In her new book Cultivating Your Character, Deanna Becket, a leadership coach as well as a mom who homeschools her children, teaches readers how to apply the thirteen virtues that Benjamin Franklin personally cultivated to their own lives to become better, happier, and more successful people.
Becket divides the book into thirteen chapters, one for each virtue, and she asks readers to spend a month on each, thinking about that month’s virtue, writing about it, and trying to make it a daily habit. This introspection and life analysis will ultimately allow people to become well-rounded with more integrity and also a clearer vision about what they want in life.
While Becket puts a modern spin on some of Franklin’s virtues, using terms more familiar to us today, they are still the same virtues we all need if we want to build our characters—virtues like responsibility, honesty, balance, perseverance, and peace.
For Becket, having character means being able to do the right thing even when it is difficult, being tough when the odds are against you, and knowing when to tune out the world and listen to your inner voice and what God would want for you. Becket finds it important to find great examples of character in those who went before us—certainly in figures like Benjamin Franklin and Jesus, but also in everyday people in our own lives who can show us the way. She gives examples of how her parents and grandparents emulated character virtues and have passed down their beliefs and examples to her and her children.
Becket also has a healthy appreciation for the pioneers whose shoulders our modern world is built upon. She continually reminds us to look around and see what the character of our ancestors created that we today benefit from—our roads and bridges, technology, and all the modern comforts we enjoy.
When we think about what our great-grandparents did that has lasted for generations, we can feel great gratitude and appreciation, but we can also be inspired to create our own legacies for future generations. Here is just one passage from the book that illustrates this point:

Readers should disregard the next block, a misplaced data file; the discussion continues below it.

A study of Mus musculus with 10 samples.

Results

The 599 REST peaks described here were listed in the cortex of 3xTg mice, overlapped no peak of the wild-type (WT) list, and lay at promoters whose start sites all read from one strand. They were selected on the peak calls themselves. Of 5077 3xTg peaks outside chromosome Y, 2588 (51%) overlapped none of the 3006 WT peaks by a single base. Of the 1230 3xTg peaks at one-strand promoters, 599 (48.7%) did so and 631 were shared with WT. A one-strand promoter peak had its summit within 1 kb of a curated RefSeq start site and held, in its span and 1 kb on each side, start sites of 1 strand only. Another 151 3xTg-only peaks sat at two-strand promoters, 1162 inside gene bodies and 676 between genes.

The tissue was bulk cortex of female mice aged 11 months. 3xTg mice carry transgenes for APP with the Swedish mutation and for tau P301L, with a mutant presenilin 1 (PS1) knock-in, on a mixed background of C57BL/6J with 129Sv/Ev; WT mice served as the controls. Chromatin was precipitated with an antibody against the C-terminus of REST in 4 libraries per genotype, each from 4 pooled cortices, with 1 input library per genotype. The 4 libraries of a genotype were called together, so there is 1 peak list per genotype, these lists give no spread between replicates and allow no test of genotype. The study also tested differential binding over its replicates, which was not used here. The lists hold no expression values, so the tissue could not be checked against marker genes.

Even into the 1930s, only 10 percent of the farms had electricity. Imagine if Edison had not finished his discovery or pushed on another day. I may have never finished sewing this quilt. Imagine if these companies had not persevered in their vision or growth. Imagine if they would have stopped expanding electricity westward. It may have eventually gotten to the other coast, but how long would it have taken? How much technology can we have if one more person never gives up on something new that he has his hands on? Is it you? Press on in your area of interest. Keep discovering, keep reading, and keep on even when others make fun of it.
Becket also entertains the reader with many personal stories to illustrate her points, sometimes poking fun at herself for her own faults. As when she talks about how easily we can be distracted and too busy and how it leads us to making mistakes. In her case, she drove off with a gas pump hose still in her gas tank, ripping it from the pump and needing to pay for a new hose.
It’s a funny story, but one that also shows how we tend to cram too much into our days and then it backfires on us. In other stories, she is deeply honest with the reader about mistakes she has made, such as time wasted partying when she was young. Fortunately, she has learned from her mistakes and now feels a responsibility to help others.
Throughout the book, Becket tells it like it is, not being afraid to point out the culprits in our society that hinder many of us from developing true character. She is a firm believer in the phrase “You are what you eat,” but she applies that to other areas, including what we listen to and watch on TV.
She actually turned off her TV after the September 11 terrorist attacks because she couldn’t take any more of the negativity. She also learned not to listen to music with negative lyrics. Instead, she has filled her mind with positive and uplifting books, music, and conversations.
Many of Becket’s stories are about growing up on a farm in the Dakotas and also raising and homeschooling her children on one today. She believes in the old virtues like family time and also taking time for oneself.
She reminds us that we can’t do it all, so we have to pick and choose what is best for us. She states: “When you let go of many of your responsibilities that others are fully capable of doing, you will release your stress and give others the ability to learn how to lead, communicate, grow, and manage themselves and others.”
Each chapter ends with a series of questions relevant to the chapter’s virtue that asks readers to think about their own lives, determine what changes they need to make, and cultivate their character in new and exciting ways. I found the questions both insightful and motivating.
Cultivating Your Character is a book to savor, one to read slowly, ponder, reread, and ultimately use as the jumping off point into the next chapter of your life—a life that can be happier and more in tune with who you are and what you truly want from it. That life all begins with cultivating your character, as Benjamin Franklin would testify.
For more information about Deanna Becket and Cultivating Your Character, visit the author’s website.